I received this question about what is proper pullup form.
“Pull ups what is the proper technique for them, what cues should I use to get the most out of my lats? I am struggling with my max reps bodyweight.”
First off, let me say I’m not a big stickler on “proper” form, pullups or otherwise. That doesn’t mean that I consider strict pullups and kipping pullups the same. But proper form is as simple as raising your chin over the bar without “kipping action” for a strict pullup.
How specifically you try to activate your arms or lats better is up to you. I do like to look at what changes can be done to your technique to maximize how you perform so let‘s talk about that.
Here’s a couple things to play with.
Head and Eye Position
I’ve heard different people say different things on this. That looking down tends to assist in contraction (which the biceps and lats are doing in this exercise). I say head and eye position because where one goes usually the other follows.
Yet watch most people and they tilt their head backwards for pullups, as if to get it out of the way. It certainly does make it seem easier to touch your chest to the bar then.
Experiment with this. Look down, keep your head neutral, and then look up. Which is easiest for you?
And in all these tips realize that while it may be best right now that doesn’t always mean it will be so.
The Neutral Head Position in a Pullup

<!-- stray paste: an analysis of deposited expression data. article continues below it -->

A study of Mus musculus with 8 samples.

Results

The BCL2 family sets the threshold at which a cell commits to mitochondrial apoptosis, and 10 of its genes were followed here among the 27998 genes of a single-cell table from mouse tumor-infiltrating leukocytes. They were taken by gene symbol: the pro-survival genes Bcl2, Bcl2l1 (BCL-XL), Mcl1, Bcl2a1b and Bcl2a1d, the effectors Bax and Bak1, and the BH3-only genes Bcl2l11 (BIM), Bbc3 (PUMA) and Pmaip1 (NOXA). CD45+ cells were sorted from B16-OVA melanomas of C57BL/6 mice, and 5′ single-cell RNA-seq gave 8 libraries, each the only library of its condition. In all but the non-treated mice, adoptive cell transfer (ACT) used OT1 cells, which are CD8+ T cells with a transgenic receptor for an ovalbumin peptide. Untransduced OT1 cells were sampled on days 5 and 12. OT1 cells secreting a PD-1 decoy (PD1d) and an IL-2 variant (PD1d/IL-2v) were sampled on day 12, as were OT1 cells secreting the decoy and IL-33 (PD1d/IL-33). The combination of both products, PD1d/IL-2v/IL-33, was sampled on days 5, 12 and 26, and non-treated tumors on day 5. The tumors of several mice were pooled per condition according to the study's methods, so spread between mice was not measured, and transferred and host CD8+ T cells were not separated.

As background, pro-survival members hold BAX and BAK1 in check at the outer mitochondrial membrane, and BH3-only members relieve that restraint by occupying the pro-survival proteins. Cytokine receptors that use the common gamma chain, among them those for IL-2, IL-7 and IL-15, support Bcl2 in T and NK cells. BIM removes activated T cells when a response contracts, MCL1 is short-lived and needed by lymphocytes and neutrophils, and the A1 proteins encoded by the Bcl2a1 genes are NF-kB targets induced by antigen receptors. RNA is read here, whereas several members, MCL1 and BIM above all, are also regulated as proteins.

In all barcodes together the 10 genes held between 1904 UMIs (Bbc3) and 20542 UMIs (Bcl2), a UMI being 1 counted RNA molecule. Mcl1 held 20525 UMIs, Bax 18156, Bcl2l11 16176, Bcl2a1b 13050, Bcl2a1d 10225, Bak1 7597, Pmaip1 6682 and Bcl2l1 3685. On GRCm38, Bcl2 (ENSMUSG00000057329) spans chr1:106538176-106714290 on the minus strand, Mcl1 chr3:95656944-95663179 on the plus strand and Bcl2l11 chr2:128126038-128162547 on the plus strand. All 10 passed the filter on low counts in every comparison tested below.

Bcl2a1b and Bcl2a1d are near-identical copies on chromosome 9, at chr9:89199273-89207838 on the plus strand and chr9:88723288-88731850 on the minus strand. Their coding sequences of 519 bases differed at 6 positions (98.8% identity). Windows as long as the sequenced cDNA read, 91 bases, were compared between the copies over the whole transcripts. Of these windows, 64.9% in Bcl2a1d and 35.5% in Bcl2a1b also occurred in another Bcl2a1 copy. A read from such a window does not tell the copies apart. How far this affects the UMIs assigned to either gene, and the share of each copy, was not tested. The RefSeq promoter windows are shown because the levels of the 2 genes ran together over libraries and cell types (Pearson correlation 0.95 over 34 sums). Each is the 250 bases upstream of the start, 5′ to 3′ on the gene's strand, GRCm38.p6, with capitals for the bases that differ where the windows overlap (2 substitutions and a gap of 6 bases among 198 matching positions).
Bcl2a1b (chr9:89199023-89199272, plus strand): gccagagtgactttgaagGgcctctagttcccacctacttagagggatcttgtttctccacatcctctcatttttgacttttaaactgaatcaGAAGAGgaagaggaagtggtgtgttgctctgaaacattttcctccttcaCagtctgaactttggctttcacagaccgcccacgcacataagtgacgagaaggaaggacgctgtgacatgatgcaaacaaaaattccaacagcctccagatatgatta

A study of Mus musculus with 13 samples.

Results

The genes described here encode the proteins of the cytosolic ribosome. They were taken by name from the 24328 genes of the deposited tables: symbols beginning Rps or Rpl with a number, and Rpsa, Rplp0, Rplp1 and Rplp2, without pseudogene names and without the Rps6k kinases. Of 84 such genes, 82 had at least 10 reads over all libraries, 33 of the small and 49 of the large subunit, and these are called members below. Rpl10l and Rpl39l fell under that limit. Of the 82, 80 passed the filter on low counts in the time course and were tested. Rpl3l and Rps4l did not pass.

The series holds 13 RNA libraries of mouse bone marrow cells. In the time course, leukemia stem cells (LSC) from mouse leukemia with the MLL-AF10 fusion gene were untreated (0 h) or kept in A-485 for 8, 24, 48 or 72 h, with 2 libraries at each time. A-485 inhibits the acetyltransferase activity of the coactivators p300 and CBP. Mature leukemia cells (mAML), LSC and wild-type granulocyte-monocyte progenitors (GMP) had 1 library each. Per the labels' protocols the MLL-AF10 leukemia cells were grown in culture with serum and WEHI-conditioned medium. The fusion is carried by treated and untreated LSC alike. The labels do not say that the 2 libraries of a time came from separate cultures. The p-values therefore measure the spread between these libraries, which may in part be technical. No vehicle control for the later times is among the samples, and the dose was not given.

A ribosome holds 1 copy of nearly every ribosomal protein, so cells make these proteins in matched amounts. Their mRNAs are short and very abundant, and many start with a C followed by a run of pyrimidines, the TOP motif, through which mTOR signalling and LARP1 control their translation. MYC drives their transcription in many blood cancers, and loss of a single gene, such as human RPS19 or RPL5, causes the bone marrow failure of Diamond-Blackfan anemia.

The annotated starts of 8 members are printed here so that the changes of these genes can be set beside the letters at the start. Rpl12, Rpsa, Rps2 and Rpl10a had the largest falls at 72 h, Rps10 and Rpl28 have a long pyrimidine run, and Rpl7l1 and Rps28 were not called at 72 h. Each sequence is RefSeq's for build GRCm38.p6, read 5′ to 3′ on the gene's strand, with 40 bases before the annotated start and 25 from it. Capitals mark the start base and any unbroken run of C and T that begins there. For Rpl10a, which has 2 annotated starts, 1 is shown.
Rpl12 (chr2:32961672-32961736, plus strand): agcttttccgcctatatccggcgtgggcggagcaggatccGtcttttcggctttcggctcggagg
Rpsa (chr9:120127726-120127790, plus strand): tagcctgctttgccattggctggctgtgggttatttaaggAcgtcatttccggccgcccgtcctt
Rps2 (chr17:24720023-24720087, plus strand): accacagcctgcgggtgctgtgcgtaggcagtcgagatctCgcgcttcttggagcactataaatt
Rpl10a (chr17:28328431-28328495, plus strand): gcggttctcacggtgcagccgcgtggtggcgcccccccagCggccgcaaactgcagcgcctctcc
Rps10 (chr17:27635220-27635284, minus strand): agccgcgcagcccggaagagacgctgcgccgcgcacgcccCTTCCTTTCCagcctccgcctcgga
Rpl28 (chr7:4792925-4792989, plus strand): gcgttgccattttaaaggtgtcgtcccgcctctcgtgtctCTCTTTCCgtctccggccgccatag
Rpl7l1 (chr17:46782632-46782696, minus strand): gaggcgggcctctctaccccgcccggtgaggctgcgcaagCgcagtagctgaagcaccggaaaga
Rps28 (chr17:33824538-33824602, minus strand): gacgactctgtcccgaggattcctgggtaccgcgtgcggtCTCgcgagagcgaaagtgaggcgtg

Where you Start the Pull
This was a very interesting idea I first got from Adam Glass in regards to doing rows. Where do you start the pull from. It can be the hand, the elbow, the shoulder, or even in the spine. Usually the elbow felt best for me, but not always.
Of course this was all tested using the biofeedback protocol.
The same exact thing can be done with pullups. Try pulling your hands down. Try bringing your elbows to your sides. Try bringing your shoulders up to the bar. Try bringing your head to the bar. Each one of these will give you a slightly different feel for the exercise.
Implicit in here is also another old tip but a good one. That is to attempt to pull the bar to you instead of pulling yourself up.
Once again, different feels, and you’ll find one is working best for you at any given time. By doing your pullups that way you’ll be able to do more bodyweight pullups.
And when you stack these techniques over time, with consistent training on the exercises, you’re numbers will keep going up and up.
If you want more information on pullups then check out my Ultimate Guide to Pull-ups and Chin-ups.
One thing that helped me add 3-4 reps INSTANTLY was to reduce the time spent in the eccentric lowering part of the pullup. Literally dropping down, instead of slow controlled lowering. I wouldn’t use the technique for training (potentially tough on the joints), but it works great for max rep tests.
I tried it after getting a similar tip for kettlebell presses – press, then actively pull the bell back down to your shoulder, reducing the eccentric lowering. I added a couple reps with that tip too.
I’m assuming it’s just less time under tension, so more energy is available to put into the actual concentric press or pull.
@Scott: Yep that’s another great tip and illustrates the difference between how training with a movement and doing it as a feat or test can be different too.